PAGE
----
Sudden Genius?


Stephen Hawking is a celebrity, but not a Nobel laureate

Anyone older than a teenager knows that fashion is fickle, fame is transitory, and reputations rise and fall. In literature, many of the winners of the Nobel prize for literature, inaugurated in 1901, are now forgotten writers, even in their original languages. Who bothers to read the Nobel laureates Sully Prudhomme (1901), Carl Verner von Heidenstam (1915), Grazia Deledda (1926), or Pearl Buck (1938), for example?

In science, Stephen Hawking is perhaps the only living scientist who is a household name like Marie Curie, Charles Darwin, and Albert Einstein. He is often regarded as a genius. But Hawking's reputation undoubtedly has more to do with his much-publicized triumph over his disability, his bestselling book A Brief History of Time and the mind-boggling nature of cosmology, than with the importance of Hawking's scientific work, which is not rated exceptionally high by his peers. Though eligible for a Nobel prize as a physicist, Hawking has not been awarded one. Nor has he been awarded the top prize in mathematics, the Fields Medal.


The prizes fulfil their purpose well in the sciences, though much less well in literature, peace, and economics. Indeed, there have been calls for the economics prize, started only in 1968 by the Central Bank of Sweden and therefore not officially a Nobel prize, to be abolished, including several calls from past winners of the prize.

The literature prize has been adversely affected by several difficulties. In his will of 1896, Nobel directed that the prize be given for ‘distinguished work of an idealistic tendency'. This phrase was initially interpreted by the judges of the Swedish Academy to rule out of consideration many great writers such as Henrik Ibsen, Leo Tolstoy, and Emile Zola, though the interpretation of ‘idealistic' was later changed, giving the prize a much improved record after the second world war than in its first half-century.

Then there is the lack of sufficient expertise in languages among the judges, so that their decision is based partly on reading a writer's work in translation rather than in its original language (the case with the first Asian Nobel prize, for Rabindranath Tagore, who wrote chiefly in Bengali but was judged on his English translations). As the circle of literatures under consideration has gradually widened beyond the major European languages to include the languages of Asia and Africa, this linguistic barrier has become almost insuperable.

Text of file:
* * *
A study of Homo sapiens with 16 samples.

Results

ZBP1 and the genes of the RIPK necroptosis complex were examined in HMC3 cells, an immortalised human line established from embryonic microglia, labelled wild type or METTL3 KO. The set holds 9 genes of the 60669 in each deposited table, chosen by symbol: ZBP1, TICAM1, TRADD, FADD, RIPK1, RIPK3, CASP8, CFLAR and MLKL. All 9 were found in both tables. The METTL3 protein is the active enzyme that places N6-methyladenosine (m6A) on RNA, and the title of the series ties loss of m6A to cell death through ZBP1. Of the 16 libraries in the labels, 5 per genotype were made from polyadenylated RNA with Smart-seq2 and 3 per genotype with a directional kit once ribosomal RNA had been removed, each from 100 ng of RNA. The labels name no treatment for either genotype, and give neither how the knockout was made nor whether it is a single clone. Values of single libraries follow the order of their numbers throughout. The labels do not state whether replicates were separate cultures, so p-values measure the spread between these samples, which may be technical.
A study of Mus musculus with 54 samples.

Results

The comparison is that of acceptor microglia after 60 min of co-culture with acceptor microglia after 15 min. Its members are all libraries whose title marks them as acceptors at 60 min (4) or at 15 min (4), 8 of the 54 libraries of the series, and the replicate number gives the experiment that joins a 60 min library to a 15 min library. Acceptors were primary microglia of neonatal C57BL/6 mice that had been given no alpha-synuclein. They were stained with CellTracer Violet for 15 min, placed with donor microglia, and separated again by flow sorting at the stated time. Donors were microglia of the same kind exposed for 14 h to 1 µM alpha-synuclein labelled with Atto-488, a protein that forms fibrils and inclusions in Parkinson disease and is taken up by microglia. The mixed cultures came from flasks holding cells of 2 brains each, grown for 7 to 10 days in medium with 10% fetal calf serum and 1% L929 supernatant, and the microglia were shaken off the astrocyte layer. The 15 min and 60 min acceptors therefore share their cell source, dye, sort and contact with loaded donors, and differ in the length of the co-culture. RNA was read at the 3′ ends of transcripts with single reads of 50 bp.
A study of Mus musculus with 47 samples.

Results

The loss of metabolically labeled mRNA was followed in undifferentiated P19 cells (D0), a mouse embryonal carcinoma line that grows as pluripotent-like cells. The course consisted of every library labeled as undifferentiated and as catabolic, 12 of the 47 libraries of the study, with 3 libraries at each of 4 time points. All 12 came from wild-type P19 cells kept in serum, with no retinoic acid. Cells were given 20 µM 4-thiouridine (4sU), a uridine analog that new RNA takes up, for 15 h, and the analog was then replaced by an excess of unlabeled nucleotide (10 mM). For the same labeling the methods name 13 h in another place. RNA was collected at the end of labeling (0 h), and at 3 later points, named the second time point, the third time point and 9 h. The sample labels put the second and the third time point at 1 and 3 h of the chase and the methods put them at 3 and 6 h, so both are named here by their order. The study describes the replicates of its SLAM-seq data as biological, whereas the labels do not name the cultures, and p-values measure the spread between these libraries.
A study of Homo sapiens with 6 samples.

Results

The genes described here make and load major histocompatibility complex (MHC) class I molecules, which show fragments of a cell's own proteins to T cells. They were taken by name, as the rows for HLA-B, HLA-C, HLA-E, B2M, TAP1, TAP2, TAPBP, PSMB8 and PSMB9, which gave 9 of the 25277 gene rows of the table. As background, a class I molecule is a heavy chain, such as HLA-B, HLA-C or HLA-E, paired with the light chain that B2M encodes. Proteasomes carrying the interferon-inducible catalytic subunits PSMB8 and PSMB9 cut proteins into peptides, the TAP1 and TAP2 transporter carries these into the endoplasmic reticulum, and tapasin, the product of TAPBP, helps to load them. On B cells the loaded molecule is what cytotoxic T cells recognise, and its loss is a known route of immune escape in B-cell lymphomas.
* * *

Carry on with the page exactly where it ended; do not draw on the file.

Most importantly of all, writers take time, sometimes decades, to establish themselves; and their reputations can take still longer to grow. The temptation for the Nobel judges is to wait until a writer is old and long past the period of his or her best work; inevitably death sometimes intervenes before the prize can be awarded, as happened with Marcel Proust, Rainer Maria Rilke, and D. H. Lawrence.

The science prizes do not suffer from these difficulties. For the most part, original scientific theories and key experiments are recognized as such by the scientific community within a decade or two. Moreover, the prizes are frequently shared between two or a maximum of three winners (which still entails difficult and sometimes controversial judgements about whom to exclude).

Nonetheless, there can be long gaps between the date of an original scientific achievement and its Nobel recognition. The Nobel physics committee resisted giving Einstein a prize for over a decade, and eventually awarded him the prize for 1921 not for his 1905 relativity theory, which was considered too controversial, but for quite different theoretical work on quantum theory that other scientists had proved in the laboratory. The astrophysicist Subrahmanyan Chandrasekhar had to wait half a century before receiving his prize in 1983 for work he had done in 1934.

Large swathes of intellectual activity are of course ineligible for a Nobel prize. (As are music, painting and sculpture, the performing arts, and cinema.) Biology and mathematics are excluded, so are philosophy, psychology, social science, political science, and history. While this is obviously the consequence of Alfred Nobel's personal choice in his will, it is also a reflection of the difficulty of judging ‘genius' in some of these fields. Not a few leading thinkers have proved fruitful for the advancement of knowledge, despite their ideas being wrong. This is true of some aspects of Darwin's biology, many aspects of Karl Marx's political thinking, and perhaps most of Freud's theory of psychoanalysis. Yet, the philosopher Isaiah Berlin wrote of Marx's theory of history and society: ‘Even if all its specific conclusions were proved false, its importance in creating a wholly new attitude to social and historical questions, and so opening new avenues of human knowledge, would be unimpaired.' And the psychiatrist Anthony Storr said similarly of Freud: ‘Even if every idea which Freud put forward could be proven wrong, we should still be greatly in his debt. ... He did cause a revolution in the way we think.' If Berlin and Storr are right, then it is at least arguable that Marx and Freud should each be regarded as a genius like Darwin.

Andrew Robinson was a Visiting Fellow of Wolfson College, Cambridge during the writing of his latest book, Sudden Genius? The Gradual Path to Creative Breakthroughs.